In the first confirmation of fatalities at the Fukushima Daiichi nuclear power complex, the plant's operator on Sunday announced the recovery of the bodies of two workers who had gone missing after the devastating earthquake and tsunami.
Tokyo Electric Power Co. said Yoshiki Terashima, 21, and Kazuhiko Kokubo, 24, had rushed to the turbine room of the No. 4 reactor to inspect the power switches and test the operation valves after the March 11 earthquake. An autopsy revealed that they likely died from the force of impact from the tsunami.
Their bodies were found in the building's basement Wednesday afternoon and had to be decontaminated, the company said, adding the announcement was delayed out of consideration for the families.
On Saturday, Tepco said highly radioactive water was leaking from a pit near a reactor into the ocean, which may partly explain the high levels of radioactivity that have been found in seawater off the coast.
Tepco said it had detected an 8-inch crack in the concrete pit holding power cables near reactor No. 2 and was working to seal the fracture. Tepco said the water was coming directly from the reactor and the radiation level was 1,000 millisieverts an hour. The annual limit of radiation exposure allowed for Fukushima workers is 250 millisieverts.
Workers pumped concrete into the shaft Saturday, but by the end of the day the flow of water into the ocean had not diminished. Engineers speculated that the water was preventing the concrete from setting, allowing it to be washed away.
Tepco officials said that on Sunday morning they would explore using a polymer — a type of quick-setting plastic — to plug the leak.
After spraying thousands of tons of water on the reactors at Fukushima over the last three weeks to keep them from overheating and releasing dangerous amounts of radiation over a wide area, Tepco is faced with the problem of great volumes of contaminated water.
With storage tanks at the facility nearing capacity, Tepco is contemplating storing the water in a giant artificial floating island offshore, Kyodo News reported. Tepco, which has been monitoring radiation levels in seawater just offshore from the plant, said it would begin sampling about nine miles off the coast.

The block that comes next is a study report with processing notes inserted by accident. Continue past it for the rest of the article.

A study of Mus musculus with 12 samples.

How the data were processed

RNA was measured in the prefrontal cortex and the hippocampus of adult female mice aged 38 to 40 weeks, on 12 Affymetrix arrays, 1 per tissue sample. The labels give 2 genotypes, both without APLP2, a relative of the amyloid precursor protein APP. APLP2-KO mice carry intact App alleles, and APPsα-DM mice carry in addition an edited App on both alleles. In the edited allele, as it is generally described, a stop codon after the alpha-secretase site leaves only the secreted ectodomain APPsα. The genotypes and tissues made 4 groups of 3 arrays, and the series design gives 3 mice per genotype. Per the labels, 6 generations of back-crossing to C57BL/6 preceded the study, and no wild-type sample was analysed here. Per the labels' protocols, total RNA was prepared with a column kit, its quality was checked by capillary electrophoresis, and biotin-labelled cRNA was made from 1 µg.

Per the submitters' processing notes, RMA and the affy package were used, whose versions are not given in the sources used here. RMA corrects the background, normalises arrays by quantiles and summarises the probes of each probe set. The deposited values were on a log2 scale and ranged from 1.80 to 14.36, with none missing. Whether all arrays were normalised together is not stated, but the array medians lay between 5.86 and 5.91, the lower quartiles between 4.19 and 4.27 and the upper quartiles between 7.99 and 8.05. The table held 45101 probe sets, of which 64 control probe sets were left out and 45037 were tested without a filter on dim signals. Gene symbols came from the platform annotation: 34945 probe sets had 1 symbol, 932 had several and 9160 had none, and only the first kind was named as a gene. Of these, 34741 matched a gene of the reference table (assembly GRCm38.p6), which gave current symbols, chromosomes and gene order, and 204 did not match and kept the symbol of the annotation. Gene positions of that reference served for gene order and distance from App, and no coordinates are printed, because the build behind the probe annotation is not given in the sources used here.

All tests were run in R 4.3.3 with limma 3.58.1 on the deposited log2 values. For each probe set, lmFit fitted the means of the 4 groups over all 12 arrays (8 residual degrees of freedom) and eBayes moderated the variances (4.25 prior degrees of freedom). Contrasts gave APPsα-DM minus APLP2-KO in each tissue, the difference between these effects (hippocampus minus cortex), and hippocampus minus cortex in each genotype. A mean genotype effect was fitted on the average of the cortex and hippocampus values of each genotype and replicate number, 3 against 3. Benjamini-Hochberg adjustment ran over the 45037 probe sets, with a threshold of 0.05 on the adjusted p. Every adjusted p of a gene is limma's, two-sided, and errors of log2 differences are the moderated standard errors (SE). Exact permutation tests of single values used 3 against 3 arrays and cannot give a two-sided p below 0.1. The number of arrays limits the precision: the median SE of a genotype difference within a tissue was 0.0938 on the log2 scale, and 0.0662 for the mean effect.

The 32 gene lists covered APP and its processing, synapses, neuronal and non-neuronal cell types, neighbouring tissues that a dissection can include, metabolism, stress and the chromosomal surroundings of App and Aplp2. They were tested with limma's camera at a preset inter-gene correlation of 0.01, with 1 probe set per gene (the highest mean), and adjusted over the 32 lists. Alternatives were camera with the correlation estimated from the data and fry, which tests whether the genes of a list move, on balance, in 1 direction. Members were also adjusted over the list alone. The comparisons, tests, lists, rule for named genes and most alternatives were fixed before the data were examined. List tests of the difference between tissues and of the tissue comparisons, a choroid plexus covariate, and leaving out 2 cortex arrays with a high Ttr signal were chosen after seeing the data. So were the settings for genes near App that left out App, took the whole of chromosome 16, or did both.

Workers have also been spraying the grounds of the plant with a polymer in an attempt to prevent any radioactive isotopes that have been deposited there from escaping from the vicinity of the plant. The polymer acts like a kind of super-glue, binding any contaminants to the soil so they cannot be blown away.
As 25,000 Japanese and U.S. forces continued an intensive search for corpses along the tsunami-battered coastline of northern Japan, the official death toll climbed to 11,938 and the number of missing fell to 15,748, the National Police Agency said.
The number of people in emergency shelters has declined to about 165,000 from more than 200,000 in the days immediately after the massive earthquake and tsunami March 11. But concerns are growing about the health of elderly residents at the shelters, some of which still lack enough kerosene to run heaters round-the-clock. Many areas of northern Japan are still experiencing subfreezing temperatures.
A report Saturday from public broadcaster NHK reported the deaths of some elderly people who had survived the disaster. The broadcaster described harsh conditions facing older survivors, including crowded quarters, interruptions in medical regimens and a discontinuation of services such as physical therapy.
In a bit of good news, NHK reported that coast guard officials had found a dog on the roof of a house floating in waters off Miyagi prefecture. The dog, which apparently had been stranded for three weeks, was emaciated and gobbled down sausages and cookies after being saved.
Hall is a special correspondent.
Times staff writer Thomas H. Maugh II contributed to this story from Los Angeles.